Judge Thomas Penfield Jackson and consumers are the big losers in the Microsoft case. There were no winners. Seven judges on the U.S. Court of Appeals for the D.C. Circuit held unanimously that Jackson’s appearance of bias “seriously tainted the proceedings … and called into question the integrity of the judicial process.” Jackson’s rubber‐stamp acceptance of the Justice Department’s proposal to dismember Microsoft — without either an evidentiary hearing or an adequate explanation — is history. Good riddance.
Now the case goes back to the trial court where a new judge — selected randomly, before mid‐August, from among 10 Clinton appointees and one Reagan appointee — will decide how to remedy Microsoft’s transgressions. Because of the “drastically altered scope of liability” — about which more below — the appellate judges intimate that divestiture cannot be justified. Moreover, Microsoft is a “unitary” company, not one formed by merging or acquiring separate entities. Thus, dissolution would pose logistical difficulties, said the court. Absent a “significant causal connection” between Microsoft’s behavior and its maintenance of market power, conduct remedies would be more appropriate. In short, breaking up Microsoft is a dead issue.
That’s good news. So too is the reversal of Jackson’s holding that Microsoft attempted to monopolize the browser market. The government did not properly define the browser market and could not, therefore, show that Microsoft had a dominant share. Nor did the government demonstrate that the browser market is characterized by barriers to entry. Without those proofs, the Justice Department’s attempted monopolization charge evaporates.
On the tying question, the Court of Appeals ordered the new trial judge to reconsider Jackson’s conclusion that Microsoft broke the law. The court said that requiring customers to take Microsoft’s Internet Explorer browser if they want to acquire the Windows operating system is not unlawful, in and of itself. On remand, the lower court will have to apply a “rule of reason” standard — weighing the costs and benefits to consumers of the tie‐in. The Justice Department will have to show an actual anti‐competitive effect — not just intent — in the browser market. Then Microsoft can proffer a pro‐competitive justification, which the government can rebut by proving that the anti‐competitive effect is greater.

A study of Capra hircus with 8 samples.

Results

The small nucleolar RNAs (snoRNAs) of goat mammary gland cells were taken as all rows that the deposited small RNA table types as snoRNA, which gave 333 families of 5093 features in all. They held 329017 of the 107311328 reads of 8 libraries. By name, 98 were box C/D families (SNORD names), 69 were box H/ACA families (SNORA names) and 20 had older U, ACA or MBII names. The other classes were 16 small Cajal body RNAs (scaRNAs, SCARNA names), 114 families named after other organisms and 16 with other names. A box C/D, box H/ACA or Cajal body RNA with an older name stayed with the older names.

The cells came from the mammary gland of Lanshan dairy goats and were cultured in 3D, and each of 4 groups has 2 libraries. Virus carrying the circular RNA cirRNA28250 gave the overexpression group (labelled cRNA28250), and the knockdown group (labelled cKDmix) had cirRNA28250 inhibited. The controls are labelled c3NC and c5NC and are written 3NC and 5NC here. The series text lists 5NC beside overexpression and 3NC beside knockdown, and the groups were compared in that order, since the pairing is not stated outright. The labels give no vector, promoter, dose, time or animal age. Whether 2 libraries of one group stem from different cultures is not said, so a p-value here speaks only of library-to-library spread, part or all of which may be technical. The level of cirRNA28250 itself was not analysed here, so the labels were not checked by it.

If the Justice Department renews its claim that Microsoft illegally engaged in “price bundling,” it will have to demonstrate that Windows alone — without the browser — would have sold for a lower price. But Microsoft can still prevail by showing that other operating system vendors also bundle an Internet browser, and don’t sell the operating system separately for a reduced price. Best bet: Under a “rule of reason” standard, the government will abandon its losing argument that Microsoft’s tying arrangement is unlawful.
So far, so good. But the waters get muddier for Microsoft. The appellate court affirmed Jackson’s holding that Microsoft is liable for engaging in anti‐competitive conduct to maintain its monopoly in operating systems. That anti‐competitive conduct purportedly involved the following: preventing PC makers from removing the Internet Explorer browser; crafting exclusionary contracts with Internet service providers and major online providers like AOL; commingling the browser and operating system program code; threatening Apple with removal of Microsoft’s Office Suite if Apple continued to deal with Netscape; extending preferred treatment to selected PC makers in return for restrictive licensing arrangements; pressuring Intel to back Microsoft’s version of Sun’s Java program; and, favoring software vendors who agreed not to support rival platforms. According to Jackson, Microsoft did not demonstrate any efficiency justification for those anti‐competitive acts. The Court of Appeals found no basis to overturn that finding.
Those are the charges that will have to be remedied by the trial judge. Meanwhile, the government and Microsoft have until the end of September to ask the U.S. Supreme Court to review facets of the appellate decision with which they disagree. But the likelihood that the high court will accept the case is slim. The record is voluminous, the case would be enormously time‐consuming, at least two of the appellate judges are renowned for their antitrust expertise, the entire appellate court — not just a three‐judge panel — ruled on the case, the ruling was unanimous, and it was the unsigned product of multiple judges. Moreover, the Supreme Court might be reluctant to enter the fray if, as expected, the Justice Department and Microsoft open settlement negotiations.